Trademark law protects branding and works to prevent consumer confusion as to the source of products/services. If you own a business, you most likely already own trademark rights, regardless of whether you have registered your trademark with the U.S. Patent & Trademark Office. But how do you acquire trademark rights? Is there a form you have to fill out? Do you have to know a guy? In this post, I will discuss the two main types of trademark rights and how they are acquired.
Common Law Trademark Rights
In the United States, trademark rights are created through commercial use of a trademark with products and/or services. This is done through advertisement and marketing of the products/services in connection with the trademark. Use in commerce also requires the transport or sale of products that bear the trademark. Once a trademark user commences these activities, they acquire common law trademark rights. While you do not have to have a high volume of sales to claim common law rights, one-time sales or sales made simply to claim the associated trademark rights are not sufficient. Once acquired, your rights can last as long as the trademark continues to be used.
While common law trademark rights are easy enough to acquire, they do have limitations. The biggest limitation is that these rights are geographically limited to areas in which you actively market and sell your products and services. For example, if you are a restaurant with a single location in St. Louis, your rights would likely only extend to the St. Louis area. It is unlikely that you could make a claim of trademark infringement against a restaurant in Chicago using the same trademark. This limitation can obviously create problems for business owners. Let’s say that the St. Louis restaurant owner wants to open a location in Chicago. If they do so using the same trademark, this would likely be an infringement of the rights of the Chicago restaurant.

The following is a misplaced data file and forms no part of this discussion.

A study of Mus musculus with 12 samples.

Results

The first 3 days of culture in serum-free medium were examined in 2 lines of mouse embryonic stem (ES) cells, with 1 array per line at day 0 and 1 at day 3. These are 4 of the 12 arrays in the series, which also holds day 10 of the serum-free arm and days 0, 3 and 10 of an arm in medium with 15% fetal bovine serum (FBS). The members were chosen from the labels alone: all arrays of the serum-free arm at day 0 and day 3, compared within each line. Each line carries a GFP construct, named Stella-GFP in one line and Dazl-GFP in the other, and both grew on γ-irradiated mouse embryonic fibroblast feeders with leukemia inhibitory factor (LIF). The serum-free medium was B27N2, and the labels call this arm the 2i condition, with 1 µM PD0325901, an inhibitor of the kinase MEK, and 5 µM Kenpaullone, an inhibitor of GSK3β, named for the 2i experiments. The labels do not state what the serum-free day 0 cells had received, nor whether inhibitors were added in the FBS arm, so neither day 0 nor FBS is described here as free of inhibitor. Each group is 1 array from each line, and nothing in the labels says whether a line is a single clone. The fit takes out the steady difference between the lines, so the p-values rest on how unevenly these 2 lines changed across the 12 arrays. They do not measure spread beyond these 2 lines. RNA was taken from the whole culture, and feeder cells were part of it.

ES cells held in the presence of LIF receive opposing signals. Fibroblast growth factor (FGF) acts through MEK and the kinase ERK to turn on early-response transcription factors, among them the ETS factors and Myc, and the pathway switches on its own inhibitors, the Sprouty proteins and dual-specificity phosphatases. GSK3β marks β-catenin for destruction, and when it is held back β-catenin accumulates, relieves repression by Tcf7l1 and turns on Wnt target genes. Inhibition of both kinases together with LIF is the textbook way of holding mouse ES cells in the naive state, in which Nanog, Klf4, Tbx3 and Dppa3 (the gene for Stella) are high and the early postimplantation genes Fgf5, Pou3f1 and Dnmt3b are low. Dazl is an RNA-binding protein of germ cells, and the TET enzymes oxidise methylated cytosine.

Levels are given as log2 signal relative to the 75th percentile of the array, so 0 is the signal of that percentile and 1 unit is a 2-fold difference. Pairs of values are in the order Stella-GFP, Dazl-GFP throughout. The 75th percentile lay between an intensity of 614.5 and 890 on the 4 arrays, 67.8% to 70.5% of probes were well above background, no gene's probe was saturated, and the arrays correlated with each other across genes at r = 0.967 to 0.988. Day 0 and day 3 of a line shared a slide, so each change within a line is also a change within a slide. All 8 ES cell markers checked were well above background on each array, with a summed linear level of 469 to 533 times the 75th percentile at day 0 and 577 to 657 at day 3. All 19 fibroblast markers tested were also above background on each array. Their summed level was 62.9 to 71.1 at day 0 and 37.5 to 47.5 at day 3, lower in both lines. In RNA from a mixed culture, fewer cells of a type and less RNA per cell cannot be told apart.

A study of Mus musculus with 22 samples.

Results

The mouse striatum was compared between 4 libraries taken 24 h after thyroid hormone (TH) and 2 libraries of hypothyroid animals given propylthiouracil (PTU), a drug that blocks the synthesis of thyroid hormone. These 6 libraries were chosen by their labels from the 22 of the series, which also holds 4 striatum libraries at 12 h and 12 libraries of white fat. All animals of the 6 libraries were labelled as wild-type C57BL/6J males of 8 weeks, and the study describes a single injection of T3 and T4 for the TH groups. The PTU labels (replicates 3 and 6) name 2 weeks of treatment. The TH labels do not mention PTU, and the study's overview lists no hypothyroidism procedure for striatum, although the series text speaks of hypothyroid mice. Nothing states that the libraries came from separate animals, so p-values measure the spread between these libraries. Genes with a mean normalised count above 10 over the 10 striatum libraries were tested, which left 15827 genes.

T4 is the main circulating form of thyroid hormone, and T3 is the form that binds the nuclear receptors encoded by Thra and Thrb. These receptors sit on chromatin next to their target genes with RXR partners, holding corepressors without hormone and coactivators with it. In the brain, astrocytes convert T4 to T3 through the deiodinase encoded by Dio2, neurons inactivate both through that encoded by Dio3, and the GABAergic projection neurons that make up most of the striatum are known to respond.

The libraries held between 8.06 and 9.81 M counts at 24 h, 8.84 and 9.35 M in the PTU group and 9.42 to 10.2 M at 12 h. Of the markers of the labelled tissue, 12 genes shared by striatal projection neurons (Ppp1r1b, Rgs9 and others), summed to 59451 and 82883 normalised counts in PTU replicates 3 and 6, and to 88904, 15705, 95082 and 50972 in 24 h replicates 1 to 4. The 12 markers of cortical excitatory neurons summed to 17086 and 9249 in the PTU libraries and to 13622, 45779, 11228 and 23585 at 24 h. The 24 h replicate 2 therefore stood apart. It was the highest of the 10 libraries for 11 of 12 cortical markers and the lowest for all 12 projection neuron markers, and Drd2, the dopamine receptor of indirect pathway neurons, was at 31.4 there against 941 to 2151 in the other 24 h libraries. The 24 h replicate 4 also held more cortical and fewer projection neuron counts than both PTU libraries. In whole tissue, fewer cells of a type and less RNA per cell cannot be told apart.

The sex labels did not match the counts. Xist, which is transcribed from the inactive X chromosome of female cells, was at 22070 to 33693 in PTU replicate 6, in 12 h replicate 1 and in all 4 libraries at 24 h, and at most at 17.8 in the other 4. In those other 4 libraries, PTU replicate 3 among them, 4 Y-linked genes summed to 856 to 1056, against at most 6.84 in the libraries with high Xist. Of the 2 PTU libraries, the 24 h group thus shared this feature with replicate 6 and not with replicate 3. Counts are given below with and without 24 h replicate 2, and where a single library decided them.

One way to avoid the geographical limitation of common law trademark rights is to acquire a U.S. trademark registration.
We have all heard the word “trademark” used as a verb. Generally, when someone says they want to “trademark” something, what they mean is that they want to register it with the U.S. Patent & Trademark Office. However, federal registration is not the source of your trademark rights. Instead, federal registration expands upon the common law rights you acquire by using your trademark in commerce.
The registration process begins when you file a trademark application with the USPTO. Registration of your trademarks provides you with many important benefits and protections. For example, trademarks registered with the USPTO do not have the same geographical limitations as common law trademarks. A federal registration gives its owner the legal presumption of trademark ownership across the United States. It also prevents others from registering confusingly similar marks with the USPTO. You certainly want a federal registration should you decide to go after someone for infringing upon your trademark rights, or if someone has brought a trademark infringement claim against you or your business.
Scope of Rights
Regardless of whether you have trademark rights through common law use or registration, the scope of your rights depends on the strength of your trademark. More distinctive trademarks receive a broader scope of protection. That is true whether you are dealing with common law rights or federal trademark rights. Having a federal registration for a weak trademark means that others can come closer to your trademark without necessarily infringing upon your rights. On the other hand, if you have a very strong trademark such as a coined term, it will be easier for you to go after others if they try to use or register a trademark that might not be as close to your own.
Do You Have Questions About Your Trademark Rights Under the Law?
If you have any questions about your trademark rights, or want to look into acquiring a federal trademark registration, please feel free to call me at (480) 360-3499, email me at firstname.lastname@example.org, or complete the contact form found on this page to schedule your free initial consultation today. I look forward to speaking with you.